Bruce Schneier


Internationally renowned security technologist Bruce Schneier discusses Joe Lieberman’s proposal for an internet “kill switch,” why shutting down the internet during a crisis would cause more harm than good and how controversial websites like WikiLeaks use data redundancy spread out in different countries to prevent being shut down.

MP3 here. (18:51)

Bruce Schneier is an internationally renowned security technologist. He is the author of Schneier on Security, Applied Cryptography, Secrets and Lies: Digital Security in a Networked World and Beyond Fear.

Regularly quoted in the media, Schneier has testified on security before the United States Congress on several occasions and has written articles and op eds for many major publications, including The New York Times, The Guardian, Forbes, Wired, Nature, The Bulletin of the Atomic Scientists, The Sydney Morning Herald, The Boston Globe, The San Francisco Chronicle, and The Washington Post.

Schneier also publishes a free monthly newsletter, Crypto-Gram, with over 150,000 readers. In its ten years of regular publication, Crypto-Gram has become one of the most widely read forums for free-wheeling discussions, pointed critiques, and serious debate about security. As head curmudgeon at the table, Schneier explains, debunks, and draws lessons from security stories that make the news.

16 thoughts on “Bruce Schneier”

  1. Hey Scott, do you perhaps have an interview with Scott Ritter planned in the near future? I haven't heard from him in a long time and would be pretty anxious to hear another hour long interview with him. He's definitely one of you best guests. You should invite him to talk about the Iran situation since it seems to be heating up and may just lead to a long war that could devastate America's economy.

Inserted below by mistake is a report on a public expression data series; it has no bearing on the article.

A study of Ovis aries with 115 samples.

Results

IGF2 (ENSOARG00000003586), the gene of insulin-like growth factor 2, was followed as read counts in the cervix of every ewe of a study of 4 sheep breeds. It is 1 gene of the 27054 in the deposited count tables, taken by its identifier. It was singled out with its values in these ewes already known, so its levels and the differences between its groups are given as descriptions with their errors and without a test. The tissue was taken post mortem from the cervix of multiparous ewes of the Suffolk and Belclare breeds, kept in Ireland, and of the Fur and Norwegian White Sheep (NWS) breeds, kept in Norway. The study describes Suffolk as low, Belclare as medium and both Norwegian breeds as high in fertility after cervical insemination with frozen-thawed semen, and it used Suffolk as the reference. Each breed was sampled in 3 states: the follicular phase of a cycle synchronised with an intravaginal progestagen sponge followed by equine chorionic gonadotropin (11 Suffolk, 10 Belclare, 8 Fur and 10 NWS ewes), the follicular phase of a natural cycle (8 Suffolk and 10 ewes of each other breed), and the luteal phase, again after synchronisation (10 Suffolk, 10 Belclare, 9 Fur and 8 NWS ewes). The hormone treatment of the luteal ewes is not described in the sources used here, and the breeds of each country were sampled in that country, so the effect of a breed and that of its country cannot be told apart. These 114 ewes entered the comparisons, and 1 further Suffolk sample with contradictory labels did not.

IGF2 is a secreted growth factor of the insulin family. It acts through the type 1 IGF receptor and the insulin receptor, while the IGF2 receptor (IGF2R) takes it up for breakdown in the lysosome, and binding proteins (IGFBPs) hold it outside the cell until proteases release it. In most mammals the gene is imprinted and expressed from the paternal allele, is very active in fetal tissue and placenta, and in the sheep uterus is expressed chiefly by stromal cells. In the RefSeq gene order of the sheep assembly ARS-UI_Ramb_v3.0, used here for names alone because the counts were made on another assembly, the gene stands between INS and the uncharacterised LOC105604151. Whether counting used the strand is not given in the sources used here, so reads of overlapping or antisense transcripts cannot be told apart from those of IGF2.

2. The moment X gets into the position of saying "Don't let Y shut down A", where A is something X calculates is necessary to controlling or hindering Y, X has already lost.

    Where X is a "security technologist", he is thus an "expert" in what he does not have control of.

    If he had any brains he would be on to the next step rather than dwelling on the last, which is already obsolete.

    1. adj. (kspûrt, k-spûrt)
      Having, involving, or demonstrating great skill, dexterity, or knowledge as the result of experience or training.
      For example the Mortgage Expert, the Defense Expert, the Education expert. and the Finance expert etc..
      Are fancy dress competitions the rage these days?

  3. Wouldn't the whole point of U.S. shutting down the internet to create more terror among Americans? Seems like that's a major part of USG policy post 9/11.

    1. Neither the final collapse nor the aftermath or any revolution will be virtual.

      The secret of the Third World–you are better off with two tin cans and a string that work than with an elaborate and sophisticated technological system that don't.

      1. Quite true. China did not shut down because of the year 2000 problem, in spite of all the panicy e-mails the embassy sent out. Neither the peasants nor their donkeys cared about the year 2000. Onions, potatoes, cabbages, etc., all arrived via mule-cart, just like usual.

  4. It goes without saying that Joe LIEberman, that statist sonofabitch, favors government interference with the Internet. The free, uninhibited flow of information is the one thing the State fears most.

    A few days ago, I sent Justin Raimondo's column "Kill the 'Kill Switch'" to Senator Amy Klobuchar of Minnesota. How about it, Senator Klobuchar? . . .

  5. You should not have suggested that it is not possible to shut down the internet. It is very possible to shut down then internet. But you can be sure they would not even suggest this if they didnt already have a backup system in place. They want to be able to communicate while at the same time prevent the rest of the world from being able to do it.

    By suggesting they couldnt do it you created a false sense of security for the rest of us.

  6. Brush up on your Morse code, guys. Learn to send dit-dot-dit over the wire or through the radio waves. It can work fine.